NCAA to limit attendance at basketball tournaments due to coronavirus

Coronavirus

FILE – In this Wednesday, March 18, 2015 file photo, The NCAA logo is on the court as work continues at The Consol Energy Center in Pittsburgh. Imagine an NCAA Tournament with no fans in the arenas. What normally would be thought an impossibility isn’t so far-fetched as the United States and the rest of the world attempt to contain the spread of the new coronavirus. (AP Photo/Keith Srakocic, File)

(WCMH) — The NCAA announced Wednesday afternoon it would limit attendance at championship events, including the upcoming men’s and women’s basketball tournaments.

NCAA President Mark Emmert issued the following statement:

The NCAA continues to assess the impact of COVID-19 in consultation with public health officials and our COVID-19 advisory panel. Based on their advice and my discussions with the NCAA Board of Governors, I have made the decision to conduct our upcoming championship events, including the Division I men’s and women’s basketball tournaments, with only essential staff and limited family attendance. While I understand how disappointing this is for all fans of our sports, my decision is based on the current understanding of how COVID-19 is progressing in the United States. This decision is in the best interest of public health, including that of coaches, administrators, fans and, most importantly, our student-athletes. We recognize the opportunity to compete in an NCAA national championship is an experience of a lifetime for the students and their families. Today, we will move forward and conduct championships consistent with the current information and will continue to monitor and make adjustments as needed.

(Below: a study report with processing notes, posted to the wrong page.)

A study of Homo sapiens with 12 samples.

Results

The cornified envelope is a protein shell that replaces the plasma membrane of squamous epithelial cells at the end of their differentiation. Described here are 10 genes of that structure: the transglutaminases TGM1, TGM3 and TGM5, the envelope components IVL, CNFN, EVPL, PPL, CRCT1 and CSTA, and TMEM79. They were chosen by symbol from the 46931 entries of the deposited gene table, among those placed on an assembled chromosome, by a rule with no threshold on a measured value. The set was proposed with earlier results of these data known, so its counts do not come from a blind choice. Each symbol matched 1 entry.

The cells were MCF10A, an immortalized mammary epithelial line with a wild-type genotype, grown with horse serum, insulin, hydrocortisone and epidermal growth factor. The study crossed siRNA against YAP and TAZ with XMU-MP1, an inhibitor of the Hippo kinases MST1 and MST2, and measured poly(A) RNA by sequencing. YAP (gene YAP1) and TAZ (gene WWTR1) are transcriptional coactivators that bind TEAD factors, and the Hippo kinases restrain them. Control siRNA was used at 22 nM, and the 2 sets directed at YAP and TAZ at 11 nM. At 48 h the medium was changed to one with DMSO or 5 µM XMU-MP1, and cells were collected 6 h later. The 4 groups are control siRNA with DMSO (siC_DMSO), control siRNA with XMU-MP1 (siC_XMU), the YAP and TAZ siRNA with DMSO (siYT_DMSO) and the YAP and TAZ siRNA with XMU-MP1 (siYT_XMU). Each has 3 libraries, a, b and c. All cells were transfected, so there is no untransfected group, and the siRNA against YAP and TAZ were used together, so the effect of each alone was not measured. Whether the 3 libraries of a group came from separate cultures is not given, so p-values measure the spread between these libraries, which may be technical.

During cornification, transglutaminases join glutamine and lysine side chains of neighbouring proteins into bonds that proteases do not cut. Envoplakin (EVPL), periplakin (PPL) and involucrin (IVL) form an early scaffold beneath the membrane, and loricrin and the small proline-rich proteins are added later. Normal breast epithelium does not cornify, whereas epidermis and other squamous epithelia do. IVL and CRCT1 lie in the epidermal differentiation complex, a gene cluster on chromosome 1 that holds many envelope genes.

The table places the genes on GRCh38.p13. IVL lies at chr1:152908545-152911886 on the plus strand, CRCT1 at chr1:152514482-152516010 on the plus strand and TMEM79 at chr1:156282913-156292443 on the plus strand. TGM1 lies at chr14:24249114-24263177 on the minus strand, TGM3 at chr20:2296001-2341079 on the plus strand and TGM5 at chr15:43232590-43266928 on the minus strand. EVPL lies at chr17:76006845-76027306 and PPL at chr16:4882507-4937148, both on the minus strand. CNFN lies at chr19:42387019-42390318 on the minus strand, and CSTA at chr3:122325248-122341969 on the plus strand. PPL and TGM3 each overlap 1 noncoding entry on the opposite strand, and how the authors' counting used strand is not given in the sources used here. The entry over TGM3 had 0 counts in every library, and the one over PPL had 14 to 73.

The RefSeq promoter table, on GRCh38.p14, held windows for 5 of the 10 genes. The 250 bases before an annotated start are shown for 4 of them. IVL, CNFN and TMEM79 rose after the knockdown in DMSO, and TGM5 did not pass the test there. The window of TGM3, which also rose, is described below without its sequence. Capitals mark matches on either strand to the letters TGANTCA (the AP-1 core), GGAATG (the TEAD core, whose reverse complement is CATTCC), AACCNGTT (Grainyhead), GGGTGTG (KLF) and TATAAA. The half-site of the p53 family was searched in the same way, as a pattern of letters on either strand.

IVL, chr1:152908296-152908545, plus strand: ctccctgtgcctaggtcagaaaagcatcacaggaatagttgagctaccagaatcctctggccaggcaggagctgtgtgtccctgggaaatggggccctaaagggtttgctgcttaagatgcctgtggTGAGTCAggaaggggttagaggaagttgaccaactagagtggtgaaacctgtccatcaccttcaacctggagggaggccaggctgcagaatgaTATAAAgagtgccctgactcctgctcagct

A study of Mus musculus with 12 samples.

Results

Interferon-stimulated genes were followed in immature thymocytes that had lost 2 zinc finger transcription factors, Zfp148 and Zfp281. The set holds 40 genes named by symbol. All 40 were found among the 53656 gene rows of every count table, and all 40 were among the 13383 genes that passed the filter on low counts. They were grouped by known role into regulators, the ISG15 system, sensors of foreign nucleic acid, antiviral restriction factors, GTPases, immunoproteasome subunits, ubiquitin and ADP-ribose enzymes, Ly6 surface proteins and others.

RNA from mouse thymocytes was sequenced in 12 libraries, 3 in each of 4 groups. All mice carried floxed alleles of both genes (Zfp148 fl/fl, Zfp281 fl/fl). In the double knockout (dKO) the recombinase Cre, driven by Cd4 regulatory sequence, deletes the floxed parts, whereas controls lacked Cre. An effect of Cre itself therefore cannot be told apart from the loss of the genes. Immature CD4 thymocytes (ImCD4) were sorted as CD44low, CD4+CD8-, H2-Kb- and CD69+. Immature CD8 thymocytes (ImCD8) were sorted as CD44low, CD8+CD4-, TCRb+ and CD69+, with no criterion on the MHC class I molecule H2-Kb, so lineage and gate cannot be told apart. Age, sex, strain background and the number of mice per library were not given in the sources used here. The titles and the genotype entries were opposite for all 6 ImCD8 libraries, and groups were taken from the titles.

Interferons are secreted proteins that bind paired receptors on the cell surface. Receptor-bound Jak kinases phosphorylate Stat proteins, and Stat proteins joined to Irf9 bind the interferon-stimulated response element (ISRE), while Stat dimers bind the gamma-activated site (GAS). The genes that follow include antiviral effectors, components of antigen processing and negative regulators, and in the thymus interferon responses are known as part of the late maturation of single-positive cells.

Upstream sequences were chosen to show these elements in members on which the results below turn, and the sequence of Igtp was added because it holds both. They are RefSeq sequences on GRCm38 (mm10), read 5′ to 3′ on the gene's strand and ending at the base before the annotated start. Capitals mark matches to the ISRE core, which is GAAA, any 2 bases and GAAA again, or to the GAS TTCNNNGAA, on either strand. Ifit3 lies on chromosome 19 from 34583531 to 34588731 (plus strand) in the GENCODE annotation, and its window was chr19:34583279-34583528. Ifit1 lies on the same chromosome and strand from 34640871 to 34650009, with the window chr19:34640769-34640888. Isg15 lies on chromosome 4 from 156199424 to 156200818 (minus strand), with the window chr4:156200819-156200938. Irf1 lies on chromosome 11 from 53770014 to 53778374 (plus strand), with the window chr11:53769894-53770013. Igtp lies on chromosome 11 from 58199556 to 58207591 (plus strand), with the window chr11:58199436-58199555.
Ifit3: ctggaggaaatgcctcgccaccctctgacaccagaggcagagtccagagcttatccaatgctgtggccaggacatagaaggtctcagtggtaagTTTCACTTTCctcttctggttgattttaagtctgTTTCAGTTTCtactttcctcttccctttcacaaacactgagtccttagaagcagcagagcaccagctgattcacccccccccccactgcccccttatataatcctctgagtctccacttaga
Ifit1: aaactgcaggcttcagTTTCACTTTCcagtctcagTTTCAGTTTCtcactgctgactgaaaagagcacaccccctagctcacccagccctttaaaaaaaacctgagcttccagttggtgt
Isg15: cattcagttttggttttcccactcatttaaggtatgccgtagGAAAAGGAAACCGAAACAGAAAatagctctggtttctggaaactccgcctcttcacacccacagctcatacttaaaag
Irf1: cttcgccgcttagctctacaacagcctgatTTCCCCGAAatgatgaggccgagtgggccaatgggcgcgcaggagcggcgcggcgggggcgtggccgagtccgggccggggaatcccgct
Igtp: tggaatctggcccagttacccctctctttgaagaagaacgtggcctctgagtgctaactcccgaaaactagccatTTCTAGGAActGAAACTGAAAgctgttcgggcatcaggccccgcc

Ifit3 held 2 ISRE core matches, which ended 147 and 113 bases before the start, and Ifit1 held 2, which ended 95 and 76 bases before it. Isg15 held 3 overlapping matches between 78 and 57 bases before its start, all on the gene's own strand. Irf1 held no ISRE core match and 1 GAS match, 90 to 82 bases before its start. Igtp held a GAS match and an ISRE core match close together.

The announcement came after the NCAA’s COVID-19 Advisory Panel on NCAA Events recommended against sporting events being open to the public.

The NCAA COVID-19 Advisory Panel recognizes the fluidity of COVID-19 and its impact on hosting events in a public space.  COVID-19 is spreading rapidly in the United States, and behavioral risk mitigation strategies are the best option for slowing the spread of this disease.  This is especially important because mildly symptomatic individuals can transmit COVID-19.  Given these considerations, coupled with a more unfavorable outcome of COVID-19 in older adults – especially those with underlying chronic medical conditions – we recommend against sporting events open to the public.  We do believe sport events can take place with only essential personnel and limited family attendance, and this protects our players, employees, and fans.